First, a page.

The first destroyed skyscraper to be rebuilt since Sept. 11 opened Tuesday, with few tenants but modern features that developers say will be part of all the new office towers to rise at the World Trade Center site.
Developer Larry Silverstein officially opened the 52-story 7 World Trade Center for business by unveiling a bright red sculpture called "Balloon Flower" outside his building and hosting a concert featuring Lou Reed and Suzanne Vega.
"We've come a very long way," said Silverstein, who built the first 7 World Trade nearly 20 years ago and has struggled to rebuild destroyed office space at the 16-acre (6.5-hectare) site for more than four years. "What you're looking at today is just the beginning."
The building at 7 World Trade Center was the third to collapse on Sept. 11, 2001, after the twin towers. Like the trade center, it is owned by the Port Authority of New York and New Jersey and leased by Silverstein.
The shimmering glass tower was redesigned by David Childs, the same architect who designed the 1,776-foot Freedom Tower, intended as the symbolic replacement to the trade center. Silverstein, in a renegotiation of his 99-year lease to the towers, agreed last month to shift control of the Freedom Tower and another building to the Port Authority, while retaining control of three other buildings at ground zero.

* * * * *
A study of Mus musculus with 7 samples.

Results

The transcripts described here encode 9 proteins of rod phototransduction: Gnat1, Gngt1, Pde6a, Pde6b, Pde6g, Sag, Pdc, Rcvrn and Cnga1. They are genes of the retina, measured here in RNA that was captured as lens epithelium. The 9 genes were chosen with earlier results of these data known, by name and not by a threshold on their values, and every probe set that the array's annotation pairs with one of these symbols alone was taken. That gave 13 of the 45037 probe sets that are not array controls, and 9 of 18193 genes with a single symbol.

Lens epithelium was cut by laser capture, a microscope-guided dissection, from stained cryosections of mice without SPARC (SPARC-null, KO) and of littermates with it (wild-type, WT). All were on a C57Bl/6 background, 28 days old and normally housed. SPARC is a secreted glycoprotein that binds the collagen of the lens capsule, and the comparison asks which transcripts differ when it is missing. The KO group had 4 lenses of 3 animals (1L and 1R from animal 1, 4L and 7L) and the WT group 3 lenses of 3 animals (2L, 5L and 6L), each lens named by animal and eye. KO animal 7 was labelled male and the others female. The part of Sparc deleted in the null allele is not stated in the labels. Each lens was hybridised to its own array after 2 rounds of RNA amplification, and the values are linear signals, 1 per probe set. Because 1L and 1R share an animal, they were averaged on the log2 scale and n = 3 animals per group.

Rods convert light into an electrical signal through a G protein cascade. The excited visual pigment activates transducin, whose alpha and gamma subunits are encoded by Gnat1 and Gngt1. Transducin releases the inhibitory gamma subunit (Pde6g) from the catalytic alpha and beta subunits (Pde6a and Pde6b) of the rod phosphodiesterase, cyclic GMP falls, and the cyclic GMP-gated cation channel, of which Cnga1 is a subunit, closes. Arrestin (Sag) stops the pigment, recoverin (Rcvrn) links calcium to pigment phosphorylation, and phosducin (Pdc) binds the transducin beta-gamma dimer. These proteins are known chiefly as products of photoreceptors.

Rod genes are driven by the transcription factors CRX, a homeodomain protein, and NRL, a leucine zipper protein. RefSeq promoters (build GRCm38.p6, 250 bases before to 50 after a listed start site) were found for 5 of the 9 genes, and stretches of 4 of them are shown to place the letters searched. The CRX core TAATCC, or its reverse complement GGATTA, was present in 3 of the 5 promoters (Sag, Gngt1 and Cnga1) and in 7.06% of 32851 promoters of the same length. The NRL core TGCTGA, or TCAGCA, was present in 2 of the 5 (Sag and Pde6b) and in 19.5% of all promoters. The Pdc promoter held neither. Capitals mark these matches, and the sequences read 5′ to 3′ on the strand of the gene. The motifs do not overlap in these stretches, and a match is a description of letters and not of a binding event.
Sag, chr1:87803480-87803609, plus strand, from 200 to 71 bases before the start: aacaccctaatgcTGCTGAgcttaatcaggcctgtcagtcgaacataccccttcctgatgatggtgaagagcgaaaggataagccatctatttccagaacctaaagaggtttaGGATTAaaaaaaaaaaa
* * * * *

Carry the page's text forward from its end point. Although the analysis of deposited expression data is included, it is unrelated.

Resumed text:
The trade center site lost well over 10 million square feet (1 million square meters) of office space on Sept. 11, but new tenants haven't been clamoring to return. Silverstein has rented less than a fifth of 7 World Trade's 1.7 million square feet (150,000 square meters).
A Chinese developer, Beijing Vantone Real Estate Co. Ltd., signed a tentative agreement to rent the top five floors. Ameriprise Financial Inc., a spinoff of American Express, and the New York Academy of Sciences plan to move in by fall.
Following recommendations to make high-rises safer and sturdier after the terrorist attacks, the skyscraper adheres to "a set of standards unique to any high-rise office building in America," Silverstein said.
The building is narrower and lets in more sunlight than its original version. It is the first commercial tower to be certified as "green" because it uses less electricity and high-efficiency cooling and heating systems. And it has adopted newer safety standards, with wider stairwells and 2-foot (0.6-meter)-thick concrete walls.